New Year reflections – 11 months after a hysterectomy for PMDD

by msjekyllhyde

Happy New Year! If you are reading this and are struggling with PMDD, I hope that you find the strength to try to improve your situation / make changes this year.

Some reflections, 11 months after having a hysterectomy for PMDD, aged 35 at the time. I’ve tried to be as frank as possible. I think 2013 will be an important year of (further) change for me!

Balancing HRT is a doddle compared to living with PMDD! It’s a relief knowing that I have the six-monthly HRT injections (estrogen + testosterone), but I’m free to top up a little with HRT gels too. I’ve now been referred to a top menopause specialist (NHS) very near to my home, so I no longer need to travel to London to have my HRT reviewed.

I feel pretty certain that the hysterectomy, with removal of the ovaries, was the right thing to do, for me, considering the options available, and my situation/goals. I felt SO sane and stable on the Decapeptyl injections [+ estrogen and testosterone HRT, I refused progresterone] that I knew I couldn’t go back to the way I was before that. [As having suppression without progesterone in the long term can put you at risk of cancer, I knew it wasn’t an option.]

I’ve been reflecting on my choices of partner, since my 20s; and seeing a pattern of me staying in relationships far longer than I should have due to PMDD. I.e. with partners who were not unkind, but who were inappropriate for me as we didn’t have enough common interests. In hindsight, the one thing I could have tried before having the hysterectomy was trying life as a single person again – on Decapeptyl (ovaries shut down). THEN tried life without Decapeptyl or a partner, to see what the PMDD was like (because irritation with my partner could make my mood worse). I would be interested to see what kind of relationship I might chose next time, with my new state of mind/newer interests/no baby agenda. However, the reality  for me pre-op was there was no way that I felt brave enough to elect to leave my partner/or even wanted to! I hope this makes sense.

I am thankful often that I don’t have the drudgery of motherhood to fill up my time. Sadly, I see few examples around me of fathers truly pulling their weight when it comes to their young children. In the UK, our society is not currently structured to encourage equality in parenting, I dread to think how long this will take to change. I was absolutely not prepared to be a single mother at any point, as this would mean a very hard life both emotionally and financially, possibly relying on the state. I feel angry for the women I know whose men have walked out of the family unit. Men often seem free to start afresh, often leaving the woman/children in dire financial straits, and with bleak career prospects for the woman. Plus the brutal truth is that I would not have wanted to parent a disabled child, and unless a woman is willing to take the risk of having a disabled child, or becoming a single mother at some point, I think she should remain childfree. I’m not on a crusade to put anyone else off parenthood, but I don’t think that the downsides of having children for a woman, are talked enough about. I’m aware that if my 20’s and early 30’s hadn’t been so chaotic, financially and emotionally difficult, due to PMDD, the outcome might have been different for me – but overall I feel enlightened and like I’ve narrowly had a lucky escape!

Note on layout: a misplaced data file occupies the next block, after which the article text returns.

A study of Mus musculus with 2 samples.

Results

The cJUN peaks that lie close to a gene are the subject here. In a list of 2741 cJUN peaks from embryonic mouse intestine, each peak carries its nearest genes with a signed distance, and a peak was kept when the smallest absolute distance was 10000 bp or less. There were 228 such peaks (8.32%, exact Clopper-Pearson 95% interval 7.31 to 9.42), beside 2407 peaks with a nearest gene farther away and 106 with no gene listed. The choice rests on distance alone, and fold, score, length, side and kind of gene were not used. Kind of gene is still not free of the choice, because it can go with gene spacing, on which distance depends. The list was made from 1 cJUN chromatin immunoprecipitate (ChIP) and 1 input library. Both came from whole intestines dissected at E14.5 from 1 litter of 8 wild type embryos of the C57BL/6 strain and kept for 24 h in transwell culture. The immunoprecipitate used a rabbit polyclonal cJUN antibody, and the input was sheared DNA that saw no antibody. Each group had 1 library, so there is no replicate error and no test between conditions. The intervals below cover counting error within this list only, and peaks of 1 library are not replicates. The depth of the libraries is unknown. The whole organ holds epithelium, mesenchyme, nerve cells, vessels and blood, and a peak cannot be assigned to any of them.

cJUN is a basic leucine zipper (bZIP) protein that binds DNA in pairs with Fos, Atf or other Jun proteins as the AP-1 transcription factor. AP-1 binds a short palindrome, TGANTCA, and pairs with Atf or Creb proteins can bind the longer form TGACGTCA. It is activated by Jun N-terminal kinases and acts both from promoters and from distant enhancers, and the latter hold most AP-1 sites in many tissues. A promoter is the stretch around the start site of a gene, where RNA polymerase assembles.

However, choosing life as a childfree woman means that I am in a very different place from most other women my age (I’m 36), which can be isolating due to my current location. So I need to seek out more new friends who have chosen a similar path, this probably means relocating. In my current location, I feel like I don’t have enough ambitious, hungry, creative people to socialise with.

I have occasional sad moods – BUT I can figure out the reason (sometimes it’s HRT-related), and think about what I need to change in my life, instead of feeling too mentally weak to make changes. Getting enough sleep is crucial to staying in a good mood, even more than it was pre-op, possibly. I don’t like having late nights these days, i.e. 2am, as I know I’ll pay for it with a dip in my mood. All alcohol seems to lower my mood, possibly even tiny amounts, i.e. half a glass of wine, so I’ve pretty much stopped drinking completely. The knock on effect of this is that I much prefer socialising in the daytime now, I don’t want to be in boozy environments.

Here’s a comment from another woman in her 30’s who also had a hysterectomy for PMDD in 2012, she sums up the way I feel too, particularly her last point:

On your other point, about whether the surgery will take all the craziness away…. I think most of us (maybe even all of us) on here would say that surgery has made a big and very positive difference to our lives. I can only speak for me, and in my case it certainly has. There are some big buts though. First, I only feel good if my hormones are right. Getting established on the right type and level of HRT has been and remains a learning curve for me. When it goes wrong I wobble, get anxiety, and feel low. But juggling HRT is many times preferable to living with PMDD, and the women on here (online support group) have been an amazing source of support. And at last I know I’m in control. Secondly, I am having to work on the fact that during my years with PMDD I developed some learned behaviours which are hard to shift. I have some relearning to do. The surgery has not been the answer to all my problems, but it has been the answer to the ones that stemmed from progesterone intolerance, if that makes sense?